Last night was quite the experience. More communicators than you could shake a stick at gathered in the Pour House to listen to the very erudite, and very funny, Shel Israel and his straight man for the night, Mark Evans.
Both of our hosts did a great job of tuning out the very loud i-bankers who had positioned themselves in the section behind us and were determined to out shout the sound system that the Thornley Fallis crew had installed.
Third Tuesday was set to first promote, and then cement, PR’s leadership role in bringing social media to the corporations we serve but, as Mark noted last night, we’re not doing a great job so far and Canadian corporations are lagging behind their US counterparts in terms of their adoption of social media. But events like this will, hopefully, serve to bring the evangelists together with the non-believers and even the people living in blissful ignorance. Which can only be a good thing.
One question that I wanted to ask last night, but couldn’t find the words to during the Q&A was this.
Is the rate of adoption, by the general population, a barrier to entry for the corporation? Customers are now so used to shouting, as opposed to talking, that companies can justify ignoring them as zealots or trolls.
People look at Jeff “Dell Hell” Jarvis or Neville “post on every customer service interaction” Hobson and think that if they stir up some trouble they can get the sort of readership that Jeff and Neville have built up. It’s in their, perceived, best interests to shout and scream at a company for every perceived slight.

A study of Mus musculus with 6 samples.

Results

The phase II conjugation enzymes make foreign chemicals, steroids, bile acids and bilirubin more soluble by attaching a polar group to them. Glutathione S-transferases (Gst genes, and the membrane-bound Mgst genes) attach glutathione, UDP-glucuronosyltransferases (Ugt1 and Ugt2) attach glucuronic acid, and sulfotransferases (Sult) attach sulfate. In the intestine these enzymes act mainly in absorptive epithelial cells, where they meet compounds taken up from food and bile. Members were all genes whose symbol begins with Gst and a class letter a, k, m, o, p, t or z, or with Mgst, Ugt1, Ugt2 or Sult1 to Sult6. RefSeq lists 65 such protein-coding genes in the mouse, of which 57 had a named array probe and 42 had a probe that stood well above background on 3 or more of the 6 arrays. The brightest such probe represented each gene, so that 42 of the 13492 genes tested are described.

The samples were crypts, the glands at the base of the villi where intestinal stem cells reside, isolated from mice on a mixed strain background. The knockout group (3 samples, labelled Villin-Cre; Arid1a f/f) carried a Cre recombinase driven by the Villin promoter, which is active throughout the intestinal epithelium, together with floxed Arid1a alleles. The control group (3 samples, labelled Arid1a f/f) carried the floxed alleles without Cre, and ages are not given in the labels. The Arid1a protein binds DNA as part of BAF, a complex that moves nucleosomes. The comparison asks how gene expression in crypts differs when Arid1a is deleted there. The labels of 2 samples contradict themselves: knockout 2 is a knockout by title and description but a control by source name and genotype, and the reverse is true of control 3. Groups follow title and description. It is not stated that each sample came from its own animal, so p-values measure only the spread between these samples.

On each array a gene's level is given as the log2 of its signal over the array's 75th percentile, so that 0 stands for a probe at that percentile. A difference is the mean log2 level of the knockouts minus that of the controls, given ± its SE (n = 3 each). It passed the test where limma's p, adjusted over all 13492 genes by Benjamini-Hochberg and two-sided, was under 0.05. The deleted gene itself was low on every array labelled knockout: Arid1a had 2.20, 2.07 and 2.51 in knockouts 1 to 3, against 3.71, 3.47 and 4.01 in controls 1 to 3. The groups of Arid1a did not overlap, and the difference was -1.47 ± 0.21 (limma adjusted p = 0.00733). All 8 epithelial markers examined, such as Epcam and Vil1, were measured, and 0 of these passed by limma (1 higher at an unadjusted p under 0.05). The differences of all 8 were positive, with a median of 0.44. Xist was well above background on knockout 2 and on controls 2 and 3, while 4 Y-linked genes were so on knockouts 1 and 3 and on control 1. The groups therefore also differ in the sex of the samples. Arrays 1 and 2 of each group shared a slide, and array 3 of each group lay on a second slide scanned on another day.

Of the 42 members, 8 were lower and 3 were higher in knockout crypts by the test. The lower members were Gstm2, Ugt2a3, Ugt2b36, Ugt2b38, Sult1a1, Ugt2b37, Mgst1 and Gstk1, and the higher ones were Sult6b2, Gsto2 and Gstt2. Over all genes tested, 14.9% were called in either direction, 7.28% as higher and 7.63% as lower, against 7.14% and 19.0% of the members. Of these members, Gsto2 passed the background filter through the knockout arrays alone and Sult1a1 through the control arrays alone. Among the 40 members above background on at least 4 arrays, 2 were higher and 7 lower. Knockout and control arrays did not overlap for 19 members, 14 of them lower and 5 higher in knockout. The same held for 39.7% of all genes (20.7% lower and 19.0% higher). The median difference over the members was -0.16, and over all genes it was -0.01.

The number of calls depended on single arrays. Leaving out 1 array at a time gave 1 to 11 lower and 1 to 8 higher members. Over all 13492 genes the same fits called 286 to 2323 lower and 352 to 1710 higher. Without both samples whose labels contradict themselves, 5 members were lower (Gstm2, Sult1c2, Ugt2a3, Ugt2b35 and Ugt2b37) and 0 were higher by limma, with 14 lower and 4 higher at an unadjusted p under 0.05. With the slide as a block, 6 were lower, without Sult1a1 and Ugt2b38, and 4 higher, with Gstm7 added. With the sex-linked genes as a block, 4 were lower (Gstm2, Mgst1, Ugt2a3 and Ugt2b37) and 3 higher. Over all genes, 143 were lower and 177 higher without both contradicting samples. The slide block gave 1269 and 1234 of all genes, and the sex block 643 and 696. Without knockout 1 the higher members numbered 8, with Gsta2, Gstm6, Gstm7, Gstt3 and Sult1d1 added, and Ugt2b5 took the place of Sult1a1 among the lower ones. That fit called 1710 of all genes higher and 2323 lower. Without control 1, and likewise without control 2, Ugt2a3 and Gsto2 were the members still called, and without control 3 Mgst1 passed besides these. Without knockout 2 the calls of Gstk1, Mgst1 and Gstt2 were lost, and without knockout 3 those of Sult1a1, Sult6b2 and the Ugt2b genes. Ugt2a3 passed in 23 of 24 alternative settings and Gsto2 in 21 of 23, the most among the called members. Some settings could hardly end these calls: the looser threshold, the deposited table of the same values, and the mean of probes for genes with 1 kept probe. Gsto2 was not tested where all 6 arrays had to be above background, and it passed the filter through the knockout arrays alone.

How should companies deal with this? I think we all believe that they should join the conversation but I bet SVPs of marketing across the Fortune 500 feel as if they’re about to be thrown to a braying pack of lions whenever their PR agency suggests an external blog.
Sidebar – Do lions bray? The simile wouldn’t be quite as effective if it were donkeys…
If this is correct, what onus does this put on the agency? How can we make the process of joining the conversation as easy, as pleasant and as rewarding as we’ve all found it? We recommend a social media strategy and the client points to Dell’s blog and the reaction that it got.
At the moment, our (the agency’s) best way to sell a new way of thinking is to say ‘why don’t you take on this expensive and time consuming commitment? It’ll be very rewarding and it will create a better bond with your customer base but you will get absolutely hammered for a few weeks by people whose best interests are served by being as malicious towards you as possible.” Who couldn’t sign off on that line item?
I guess we need to start small, do great work for the clients who see the value in it and then go from there. Start monitoring and reporting what’s being said about our clients as a value add and then get them to start talking, offline, with their new audience. When the time’s right our clients will see the only thing holding them back is our combined imagination.
The Author with Micheal Seaton (below).